Sugar futures rebounded from a contract low after Unica heralded a downgrade to its forecast for Brazil Centre South output, following rain delays to the cane harvest and a focus by mills on making ethanol.
Raw sugar futures for October delivery, which hit a contract low of 11.35 cents a pound earlier in the day, recovered to close at 11.51 cents a pound in New York, a gain of 1.1% on the day.
The recovery followed the release by Unica, the Brazilian cane industry group, showing that the cane harvest in the Centre South suffered even more from heavy rains than most investors had expected.
Centre South mills, responsible for some 90% of the country’s sugar output, crushed 29.3m tonnes of cane in the first half of July – down 37% from the volume processed in the last half of June, and a drop of 29% year on year.
Market expectations were for a cane crush 28m-33m tonnes.
“This reduction of processing in the first half of July was due to the heavy rainfall that hit major sugarcane areas in the Centre South, especially those located in the states of Parana, Mato Grosso do Sul and São Paulo,” said Antonio de Padua Rodrigues, Unica’s technical director.
‘Smaller than forecast’
The extent of the decline raised doubts that Centre South mills will in 2015-16 crush the 590m tonnes of cane that Unica has forecast.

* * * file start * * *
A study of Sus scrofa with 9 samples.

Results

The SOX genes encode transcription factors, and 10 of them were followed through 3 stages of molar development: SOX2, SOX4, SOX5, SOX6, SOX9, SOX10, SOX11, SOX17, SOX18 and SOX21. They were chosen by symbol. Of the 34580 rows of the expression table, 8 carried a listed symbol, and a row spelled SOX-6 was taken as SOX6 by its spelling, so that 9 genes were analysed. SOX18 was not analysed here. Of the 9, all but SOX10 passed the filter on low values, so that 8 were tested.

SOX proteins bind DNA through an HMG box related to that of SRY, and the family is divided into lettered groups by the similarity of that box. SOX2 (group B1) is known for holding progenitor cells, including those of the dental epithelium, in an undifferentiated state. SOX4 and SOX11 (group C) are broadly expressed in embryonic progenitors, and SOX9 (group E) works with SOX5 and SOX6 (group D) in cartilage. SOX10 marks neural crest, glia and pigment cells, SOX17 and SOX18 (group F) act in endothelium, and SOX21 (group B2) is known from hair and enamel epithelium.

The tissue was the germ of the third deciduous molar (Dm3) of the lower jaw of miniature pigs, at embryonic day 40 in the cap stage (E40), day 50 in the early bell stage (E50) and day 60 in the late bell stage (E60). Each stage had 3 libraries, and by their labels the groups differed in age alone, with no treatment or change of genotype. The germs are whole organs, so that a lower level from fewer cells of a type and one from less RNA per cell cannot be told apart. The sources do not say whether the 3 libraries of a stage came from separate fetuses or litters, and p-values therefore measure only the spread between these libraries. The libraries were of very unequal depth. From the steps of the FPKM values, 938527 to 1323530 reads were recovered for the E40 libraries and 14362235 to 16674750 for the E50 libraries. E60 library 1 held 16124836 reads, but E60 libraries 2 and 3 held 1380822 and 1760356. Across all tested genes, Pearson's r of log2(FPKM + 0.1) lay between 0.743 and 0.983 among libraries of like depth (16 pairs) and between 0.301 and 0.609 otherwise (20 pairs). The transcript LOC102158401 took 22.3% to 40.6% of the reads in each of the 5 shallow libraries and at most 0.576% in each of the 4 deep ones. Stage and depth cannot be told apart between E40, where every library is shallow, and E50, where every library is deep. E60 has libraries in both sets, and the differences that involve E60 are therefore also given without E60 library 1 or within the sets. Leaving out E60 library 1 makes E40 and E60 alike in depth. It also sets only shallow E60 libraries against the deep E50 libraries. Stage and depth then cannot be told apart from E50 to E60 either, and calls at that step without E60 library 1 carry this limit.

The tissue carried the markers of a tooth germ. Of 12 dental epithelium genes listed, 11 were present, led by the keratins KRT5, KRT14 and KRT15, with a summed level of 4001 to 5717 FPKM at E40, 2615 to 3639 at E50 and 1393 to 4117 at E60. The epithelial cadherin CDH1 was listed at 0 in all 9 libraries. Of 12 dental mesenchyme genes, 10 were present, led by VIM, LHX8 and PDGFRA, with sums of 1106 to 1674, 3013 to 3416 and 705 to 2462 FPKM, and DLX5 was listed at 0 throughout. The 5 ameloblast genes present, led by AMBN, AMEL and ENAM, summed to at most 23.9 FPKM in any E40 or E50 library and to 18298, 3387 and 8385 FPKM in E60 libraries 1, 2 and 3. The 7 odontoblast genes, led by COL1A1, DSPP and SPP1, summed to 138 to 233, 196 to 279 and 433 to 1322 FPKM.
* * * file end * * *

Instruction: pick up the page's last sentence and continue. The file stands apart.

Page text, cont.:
“If the rainy weather persists… the difficulty in harvesting and the poor quality of cane may lead to a smaller crop than that originally forecast,” even assuming mills extend their processing season longer than normal, Mr Rodrigues said.
Mills would need to process an extra 35m tonnes of cane over the next two weeks, compared with last year, to catch up with their target pace of processing, he added.
On Wednesday the chief executive of Brazilian sugar and ethanol group Raizen warned that the delay to the harvest could see some cane left in the field until the next cutting year.
Sugar vs ethanol
Sugar output faces the extra setback that mills are turning more cane into ethanol, rather than sweetener, than initially expected.
The proportion of cane turned into sugar so far this season, at 39.9%, is the lowest in seven years, limiting Centre South output of the sweetener to 10.71m tonnes, a decline of 16.9% compared with output as of the same period of 2014-15.
“The current trend of allocation of processed cane suggests that sugar production in 2015-16 should be lower than initially anticipated by [Unica] earlier this year,” Mr Rodrigues said.
Unica in May forecast a drop of 190,000 tonnes to 31.8m tonnes in Centre South sugar output in 2015-16, which started in April.
Mills are being encouraged by low sugar prices to switch output to ethanol where possible.
Hydrous ethanol is used as a road fuel for Brazil’s large fleet of flex-fuelled vehicles, while anhydrous ethanol can be shipped overseas, to be blended in to gasoline and used in conventional vehicles, as well as being blended into gasoline domestically.